Another year is gone, and it’s time to review what has happened on this blog over the last twelve months.
2011 has been a busy year for the Android Market client that has undergone a complete redesign to bring it into the world of browsing, searching and purchasing digital media. The “Designing for the mobile form factor” presentation at AnDevCon conference in March was followed by a series of detailed entries about the design and implementation aspects of the new client. I took a deeper look at synchronized scrolling, swipey tabs and carousel animations, also talking about the reasons not to provide full source code for those areas. I also highlighted the importance of pixel-level details, and proper collaboration between developers and designers.
As we worked on bringing a unified experience to a variety of form factors, we started to define and refine principles of responsive mobile design. After making the presentation at AnDevCon II conference in November, I followed up with the four-part series that answered three underlying questions: what are we designing, why are we designing it in a certain way and how are we implementing the target design (part 1, part 2, part 3, part 4). As we continue refining and polishing the application across the entire gamut of supported devices, this blog will be updated with more details on both the planning and implementation aspects of responsive mobile design. And on a related note, I’ve finally collected my thoughts about vector icons and put them in words.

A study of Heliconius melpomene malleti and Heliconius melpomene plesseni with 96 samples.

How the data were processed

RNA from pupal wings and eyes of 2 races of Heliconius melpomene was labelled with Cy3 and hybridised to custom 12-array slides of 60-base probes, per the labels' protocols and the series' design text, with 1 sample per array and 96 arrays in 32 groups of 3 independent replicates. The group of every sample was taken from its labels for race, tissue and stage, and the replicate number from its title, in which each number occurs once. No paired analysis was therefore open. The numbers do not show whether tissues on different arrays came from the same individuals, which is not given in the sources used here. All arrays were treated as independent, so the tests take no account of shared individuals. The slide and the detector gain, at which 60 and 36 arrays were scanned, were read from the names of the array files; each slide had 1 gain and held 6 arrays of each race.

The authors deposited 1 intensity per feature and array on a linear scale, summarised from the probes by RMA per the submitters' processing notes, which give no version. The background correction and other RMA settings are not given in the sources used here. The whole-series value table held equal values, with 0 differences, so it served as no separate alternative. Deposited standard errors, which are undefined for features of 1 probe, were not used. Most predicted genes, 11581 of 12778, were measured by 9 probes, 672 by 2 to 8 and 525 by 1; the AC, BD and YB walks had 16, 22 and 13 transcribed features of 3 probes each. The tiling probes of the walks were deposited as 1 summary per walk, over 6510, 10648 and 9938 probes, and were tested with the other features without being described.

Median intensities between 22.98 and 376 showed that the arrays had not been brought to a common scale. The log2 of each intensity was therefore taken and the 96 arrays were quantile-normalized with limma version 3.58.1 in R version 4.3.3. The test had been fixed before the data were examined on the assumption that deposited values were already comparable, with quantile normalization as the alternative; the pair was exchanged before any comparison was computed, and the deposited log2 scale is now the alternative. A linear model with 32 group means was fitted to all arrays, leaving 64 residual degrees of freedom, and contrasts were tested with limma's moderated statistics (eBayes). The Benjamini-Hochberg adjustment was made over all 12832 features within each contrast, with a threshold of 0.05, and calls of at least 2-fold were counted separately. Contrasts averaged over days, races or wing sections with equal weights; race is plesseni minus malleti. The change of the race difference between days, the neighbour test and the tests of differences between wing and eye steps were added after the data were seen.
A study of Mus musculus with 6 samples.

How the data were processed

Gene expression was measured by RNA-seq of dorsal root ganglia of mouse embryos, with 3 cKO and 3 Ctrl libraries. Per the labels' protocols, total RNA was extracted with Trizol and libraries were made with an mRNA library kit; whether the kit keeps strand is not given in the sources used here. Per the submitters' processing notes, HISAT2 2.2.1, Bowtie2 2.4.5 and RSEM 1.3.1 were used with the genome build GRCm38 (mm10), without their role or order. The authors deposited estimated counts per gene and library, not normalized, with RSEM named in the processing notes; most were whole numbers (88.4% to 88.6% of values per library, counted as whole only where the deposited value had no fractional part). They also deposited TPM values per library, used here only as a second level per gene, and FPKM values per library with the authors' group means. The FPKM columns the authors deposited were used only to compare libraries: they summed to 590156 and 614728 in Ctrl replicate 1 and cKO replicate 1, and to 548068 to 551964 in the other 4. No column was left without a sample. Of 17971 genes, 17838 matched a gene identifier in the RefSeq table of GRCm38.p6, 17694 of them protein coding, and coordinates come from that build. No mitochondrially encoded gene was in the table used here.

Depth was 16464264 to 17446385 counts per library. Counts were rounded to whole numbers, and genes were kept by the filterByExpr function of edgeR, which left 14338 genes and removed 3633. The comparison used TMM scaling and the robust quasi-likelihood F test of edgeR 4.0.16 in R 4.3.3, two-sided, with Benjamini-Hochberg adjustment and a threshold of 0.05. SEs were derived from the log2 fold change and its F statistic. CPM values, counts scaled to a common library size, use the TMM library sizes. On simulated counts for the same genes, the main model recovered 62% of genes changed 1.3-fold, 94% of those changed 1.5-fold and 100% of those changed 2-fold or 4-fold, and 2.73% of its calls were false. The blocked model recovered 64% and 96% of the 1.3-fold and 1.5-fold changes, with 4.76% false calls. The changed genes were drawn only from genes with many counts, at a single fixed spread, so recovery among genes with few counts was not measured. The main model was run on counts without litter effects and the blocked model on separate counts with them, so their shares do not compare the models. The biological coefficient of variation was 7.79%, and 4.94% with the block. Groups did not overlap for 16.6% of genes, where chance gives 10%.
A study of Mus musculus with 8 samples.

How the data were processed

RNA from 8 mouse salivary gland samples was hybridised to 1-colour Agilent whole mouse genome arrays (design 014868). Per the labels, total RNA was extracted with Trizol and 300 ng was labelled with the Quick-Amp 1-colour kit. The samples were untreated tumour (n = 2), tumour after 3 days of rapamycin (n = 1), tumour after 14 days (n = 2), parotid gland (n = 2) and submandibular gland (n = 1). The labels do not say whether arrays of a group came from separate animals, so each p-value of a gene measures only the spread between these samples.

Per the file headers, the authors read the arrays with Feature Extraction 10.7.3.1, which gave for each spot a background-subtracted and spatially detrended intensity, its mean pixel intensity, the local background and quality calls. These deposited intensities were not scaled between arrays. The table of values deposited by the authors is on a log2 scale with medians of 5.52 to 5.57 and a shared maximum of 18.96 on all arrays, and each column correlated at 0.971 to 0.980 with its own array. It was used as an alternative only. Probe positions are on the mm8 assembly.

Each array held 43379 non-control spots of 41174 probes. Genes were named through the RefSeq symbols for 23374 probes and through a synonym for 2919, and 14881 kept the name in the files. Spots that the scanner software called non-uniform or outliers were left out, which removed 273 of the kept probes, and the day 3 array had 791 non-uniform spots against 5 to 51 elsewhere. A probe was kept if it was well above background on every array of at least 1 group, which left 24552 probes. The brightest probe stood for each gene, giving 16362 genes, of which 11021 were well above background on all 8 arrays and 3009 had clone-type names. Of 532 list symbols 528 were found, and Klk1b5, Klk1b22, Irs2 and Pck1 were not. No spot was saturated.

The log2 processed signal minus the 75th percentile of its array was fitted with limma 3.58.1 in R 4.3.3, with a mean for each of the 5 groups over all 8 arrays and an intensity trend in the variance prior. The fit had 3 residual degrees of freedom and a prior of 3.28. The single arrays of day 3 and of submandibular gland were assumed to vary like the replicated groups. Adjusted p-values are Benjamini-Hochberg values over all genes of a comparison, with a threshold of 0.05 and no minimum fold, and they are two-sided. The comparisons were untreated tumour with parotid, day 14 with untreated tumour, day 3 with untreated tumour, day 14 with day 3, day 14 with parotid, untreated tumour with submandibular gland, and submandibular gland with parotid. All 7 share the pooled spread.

A look at the colors of Tron: Legacy was just a beginning of a much bigger part of Pushing Pixels. A deeper look at the art of Tangled and the transition to 3D shooting and projecting has started a new chapter. Over the last nine months I’ve interviewed a number of creative artists working on various aspects of motion productions that I’ve found particularly impressive in the recent years. I’ve talked to Martin Ruhe about the cinematography of “The American”, Drew Boughton about the art direction of “Unstoppable”, Phillip Baker about the production design of “Chloe”, Claire Keane about the art of “Tangled”, Bradley GMUNK Munkowitz about the visual effects of “Tron: Legacy”, Luke Dunkley about the editing of “The Crimson Petal and the White”, Rosalina Da Silva about the make-up of “Tron: Legacy”, Mark Scruton about the art direction of “Easy Virtue”, Sarah Horton about the art direction of “The International”, John Greaves about the storyboarding of “Edge of Love”, Jonathan Freeman ASC about the cinematography of “Edge of Love” and Anne Seibel about the production design of “Midnight in Paris”. I’ve also talked with Kyle Westphal about the craft of film projection, and with music director David McClister. You should definitely expect more interviews in 2012.
I also looked at the costume design of “The Tourist“, the rainbow colors of “Burlesque“, the colors of “How Do You Know“, the colors of “Emma“, the set design of “Mr and Mrs Smith“, the art of “Cracks“, the colors of “No Strings Attached” and the colors of “Twilight“. Finally, a smaller series looked at the iconic images of “North By Northwest“, “To Catch a Thief” and “Key Largo“.
The Retro:Active series started in October 2010 saw the total of 368 posts in 2011. This series showcases the fusion of modern and vintage in visual and industrial design, fashion, photography, typography, illustration, animation and other related areas. This is one of my main sources of inspiration, and expect it to continue well into 2012.
Pushing Pixels is here to stay, and it will only get better. If you still have not subscribed, click on the icon below to stay tuned in 2012!